Under different circumstances, part of the roster of participating artists in this collection of newly recorded tracks would drive New Orleans music purists crazy. They'd complain that Cajun and zydeco music don't come from the Crescent City and would be indignant about the inclusion of BeauSoleil and Buckwheat Zydeco at the expense of New Orleans artists. But at a time when all hands are needed on deck, BeauSoleil's roiling "L'Ouragon" ("The Hurricane") and Buckwheat Zydeco's dirge "Cryin' in the Streets" are reminders that our common musical ground outweighs our differences.
Optimism abounds with Allen Toussaint's thumping new version of his 1970s composition "Yes We Can Can," its lyrics of harmony and cooperation never more appropriate. Things get darker when Irma Thomas recasts Bessie Smith's "Backwater Blues" as a scabrous hard blues, breathing new emotional resonance into the lyrics of broken levees.
The Wardell Quezergue Orchestra's re-recording Louis Armstrong's "What a Wonderful World" as an instrumental powered by a full string section, with Donald Harrison's alto sax taking the lead, is another fresh departure. Other takes on standards turn familiar warhorses into mission statements; listen to Eddie Bo's defiant "When the Saints Go Marching In" and the displaced Preservation Hall Jazz Band bringing its post-Katrina evacuation experience to "Do You Know What it Means to Miss New Orleans."
In that same vein, the most moving cut is "Tipitina and Me," Toussaint's new version of the rollicking Professor Longhair piano anthem. Cut here as an instrumental, Toussaint morphs the signature syncopated intro into a brooding, minor-key lament reminiscent of the gothic-tinged compositions of 19th century composer Louis Moreau Gottschalk.
Higher Ground Hurricane Relief Benefit Concert
(Blue Note Records)
While other hurricane-relief CDs like the two-CD set, Come Together (featuring mainstream stars like Faith Hill and Coldplay), will surely raise more money for the cause, this live recording is the most poignant reminder of New Orleans' landmark contribution to American music. This concert recorded at New York's Lincoln Center (where Wynton Marsalis is artistic director) has the biggest dose of jazz -- in myriad forms -- of any of the current relief CDs.
Opening with Shirley Caesar and Eric Reed's stomping gospel anthem "This Joy" as an invitation, trumpeter Terence Blanchard steps up and renders a lush melancholy version of "Over There." Former Marsalis bandmate Marcus Roberts commandeers the piano for a biting, syncopated run through Jelly Roll Morton's "New Orleans Blues," underscoring the often blurry line between Big Easy jazz and blues. In one of the disc's emotionally charged moments, trumpeter Irvin Mayfield -- whose father was missing at the time of the concert and later found dead from the flood -- unfurls a reach-for-the-heavens dramatic solo on the spiritual standard "Just a Closer Walk with Thee." And New Orleans' musical Jordan family reunites with rooftop rescuee Marlon Jordan for a stirring performance of the wistful ballad "Here's to Life."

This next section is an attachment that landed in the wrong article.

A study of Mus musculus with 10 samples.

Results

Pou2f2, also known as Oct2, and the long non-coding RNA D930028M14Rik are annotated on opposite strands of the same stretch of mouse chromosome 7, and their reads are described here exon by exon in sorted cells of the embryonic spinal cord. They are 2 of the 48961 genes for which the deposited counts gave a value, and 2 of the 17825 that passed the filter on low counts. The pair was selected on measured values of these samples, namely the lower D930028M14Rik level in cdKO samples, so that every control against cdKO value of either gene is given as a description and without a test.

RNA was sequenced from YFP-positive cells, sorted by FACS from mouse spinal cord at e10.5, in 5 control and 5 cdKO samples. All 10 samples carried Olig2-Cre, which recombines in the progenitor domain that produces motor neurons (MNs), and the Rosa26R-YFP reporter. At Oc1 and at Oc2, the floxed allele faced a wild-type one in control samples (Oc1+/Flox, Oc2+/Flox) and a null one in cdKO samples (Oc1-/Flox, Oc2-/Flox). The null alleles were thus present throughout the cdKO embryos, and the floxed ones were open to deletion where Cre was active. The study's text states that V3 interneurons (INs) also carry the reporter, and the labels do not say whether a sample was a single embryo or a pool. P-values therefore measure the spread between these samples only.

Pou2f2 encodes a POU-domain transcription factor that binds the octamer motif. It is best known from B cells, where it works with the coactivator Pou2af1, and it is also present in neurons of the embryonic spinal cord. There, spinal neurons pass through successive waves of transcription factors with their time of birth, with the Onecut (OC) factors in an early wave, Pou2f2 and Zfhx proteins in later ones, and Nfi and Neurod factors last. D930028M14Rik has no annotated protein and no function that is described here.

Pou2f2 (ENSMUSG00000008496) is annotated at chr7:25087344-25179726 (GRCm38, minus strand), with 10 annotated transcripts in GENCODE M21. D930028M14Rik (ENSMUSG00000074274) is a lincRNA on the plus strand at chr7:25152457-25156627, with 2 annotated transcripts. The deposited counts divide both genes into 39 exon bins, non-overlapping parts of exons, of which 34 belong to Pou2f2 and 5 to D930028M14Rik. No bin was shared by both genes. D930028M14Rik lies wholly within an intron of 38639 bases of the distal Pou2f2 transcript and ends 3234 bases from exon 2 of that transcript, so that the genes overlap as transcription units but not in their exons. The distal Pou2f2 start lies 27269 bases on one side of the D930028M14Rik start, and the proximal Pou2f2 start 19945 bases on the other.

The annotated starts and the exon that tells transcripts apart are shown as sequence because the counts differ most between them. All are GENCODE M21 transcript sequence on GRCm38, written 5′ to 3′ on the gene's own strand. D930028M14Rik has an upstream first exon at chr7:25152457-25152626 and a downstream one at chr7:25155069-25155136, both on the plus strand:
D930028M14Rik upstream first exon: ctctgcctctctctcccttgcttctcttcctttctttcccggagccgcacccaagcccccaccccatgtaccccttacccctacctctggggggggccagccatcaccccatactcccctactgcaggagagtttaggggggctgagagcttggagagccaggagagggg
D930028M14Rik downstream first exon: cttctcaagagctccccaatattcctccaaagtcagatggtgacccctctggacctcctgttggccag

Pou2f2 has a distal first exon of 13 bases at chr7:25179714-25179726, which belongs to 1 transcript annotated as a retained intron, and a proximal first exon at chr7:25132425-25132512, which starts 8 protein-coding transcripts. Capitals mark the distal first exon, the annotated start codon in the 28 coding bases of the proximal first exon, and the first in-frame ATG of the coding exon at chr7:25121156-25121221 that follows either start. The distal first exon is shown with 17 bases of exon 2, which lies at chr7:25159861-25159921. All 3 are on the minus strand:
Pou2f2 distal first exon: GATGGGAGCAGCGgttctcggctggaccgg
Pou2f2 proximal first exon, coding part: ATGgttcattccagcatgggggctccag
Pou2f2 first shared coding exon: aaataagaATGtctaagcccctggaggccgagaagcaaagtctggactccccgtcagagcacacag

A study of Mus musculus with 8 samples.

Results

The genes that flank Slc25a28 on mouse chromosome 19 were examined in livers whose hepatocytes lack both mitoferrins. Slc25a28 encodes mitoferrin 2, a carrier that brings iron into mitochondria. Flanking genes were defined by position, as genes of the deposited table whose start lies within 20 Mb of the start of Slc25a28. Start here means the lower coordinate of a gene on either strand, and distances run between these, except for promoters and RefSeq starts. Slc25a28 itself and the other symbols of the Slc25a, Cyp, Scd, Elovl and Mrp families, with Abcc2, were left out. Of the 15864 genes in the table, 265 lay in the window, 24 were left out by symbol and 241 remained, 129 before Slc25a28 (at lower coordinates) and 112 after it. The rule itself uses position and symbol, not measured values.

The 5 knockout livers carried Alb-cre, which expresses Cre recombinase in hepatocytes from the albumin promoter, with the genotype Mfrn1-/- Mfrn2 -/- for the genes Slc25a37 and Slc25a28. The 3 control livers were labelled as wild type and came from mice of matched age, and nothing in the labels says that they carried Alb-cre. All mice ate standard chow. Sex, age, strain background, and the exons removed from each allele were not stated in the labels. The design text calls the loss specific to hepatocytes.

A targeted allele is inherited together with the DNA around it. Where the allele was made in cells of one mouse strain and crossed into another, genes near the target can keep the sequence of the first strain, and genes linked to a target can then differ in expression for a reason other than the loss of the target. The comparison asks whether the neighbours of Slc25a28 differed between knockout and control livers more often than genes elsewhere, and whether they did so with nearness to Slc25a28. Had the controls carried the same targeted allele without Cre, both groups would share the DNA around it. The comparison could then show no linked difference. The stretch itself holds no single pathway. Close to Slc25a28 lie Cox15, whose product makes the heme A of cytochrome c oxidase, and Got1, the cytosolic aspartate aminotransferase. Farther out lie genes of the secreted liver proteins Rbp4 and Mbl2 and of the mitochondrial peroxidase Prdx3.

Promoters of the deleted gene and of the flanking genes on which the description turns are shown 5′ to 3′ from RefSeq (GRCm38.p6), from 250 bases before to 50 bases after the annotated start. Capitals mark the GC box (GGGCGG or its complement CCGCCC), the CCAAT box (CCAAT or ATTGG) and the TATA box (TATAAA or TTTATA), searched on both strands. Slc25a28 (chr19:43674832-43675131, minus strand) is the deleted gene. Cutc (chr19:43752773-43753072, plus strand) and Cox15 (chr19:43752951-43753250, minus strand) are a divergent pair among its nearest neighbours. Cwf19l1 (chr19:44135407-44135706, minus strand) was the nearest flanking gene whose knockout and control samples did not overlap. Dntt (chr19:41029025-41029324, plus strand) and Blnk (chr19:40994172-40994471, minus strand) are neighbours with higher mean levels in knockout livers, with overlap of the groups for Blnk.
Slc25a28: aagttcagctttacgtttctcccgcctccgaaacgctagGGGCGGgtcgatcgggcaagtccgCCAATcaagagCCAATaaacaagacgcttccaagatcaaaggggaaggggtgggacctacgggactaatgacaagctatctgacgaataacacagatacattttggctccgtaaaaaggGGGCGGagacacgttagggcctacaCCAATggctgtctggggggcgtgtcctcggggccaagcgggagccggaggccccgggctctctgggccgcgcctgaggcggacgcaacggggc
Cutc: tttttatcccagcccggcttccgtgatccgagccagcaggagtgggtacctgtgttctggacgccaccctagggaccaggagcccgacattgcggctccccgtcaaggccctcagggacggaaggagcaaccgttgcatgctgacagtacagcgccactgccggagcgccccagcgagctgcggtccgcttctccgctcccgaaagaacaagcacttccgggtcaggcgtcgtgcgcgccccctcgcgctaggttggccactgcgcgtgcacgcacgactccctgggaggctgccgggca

For a sense of history, Wynton Marsalis' Hot Seven blows through a breathless take on legendary trad-jazz cornetist King Oliver's "Dippermouth Blues," the full horn and reed section sprinting next to the banjo and rhythm section parts. And Aaron Neville's shout-outs to the Ninth Ward, Seventh Ward, Treme and the Mardi Gras Indians in a version of "Go to the Mardi Gras" (accompanied by brother Art on keyboard) are simultaneously rousing and chilling.
There are a few missteps -- Bette Midler's oversized Broadway persona is a poor fit for the proceedings, for example -- but overall it's a stirring program. And for sheer unexpected emotion, songbird Norah Jones' gutwrenching solo version of Randy Newman's "I Think it's Going to Rain Today" conveys the loneliness, despair and glimmers of hope of the last four months.
Dr. John and the Lower 911
(Blue Note Records)
Mac Rebennack's psychedelic swamp-hoodoo growl and the stutter-funk of his longtime band 911 band have always been a tonic, but the 27-minute long EP, Sippiana Hericane, isn't Dr. John's strongest medicine. He bookends the CD with a cover of longtime friend and fellow Louisiana iconoclast Bobby Charles' "Clean Water," putting the song's original anti-pollution and coastal-restoration message in a new light. Noble thought, but the song's plodding tempo doesn't fit the Night Tripper. And a similar attempt to retool "Sweet Home New Orleans," a Rebennack original recorded for his 1998 album, Anutha Zone, yields few fresh revelations. (He could have plucked "Hello God" wholesale from the same album and made a stronger statement about how messed up the world seems these days.)
But Doctor aficionados and neophytes alike will want the EP for Rebennack's "Wade: Hurricane Suite," a four-part movement freshly composed for the album. In its four sections ("Storm Warning," "Storm Surge," "Calm in the Storm" and "Wade in the Water"), you can almost feel Rebennack in the studio wrestling his emotions into music. Each part feels like a song sketch, alternately capturing waves of anger with the drum crescendoes and Hammond B-3 waves of "Storm Warning" and achieving a sense of stillness in the languorous piano stroll of "Calm in the Storm." And when the band starts chanting "Coming back / stronger than ever" in "Aftermath," it's emblematic of the gritty defiance and keep-on-keepin'-on spirit that's sustaining post-Katrina New Orleans.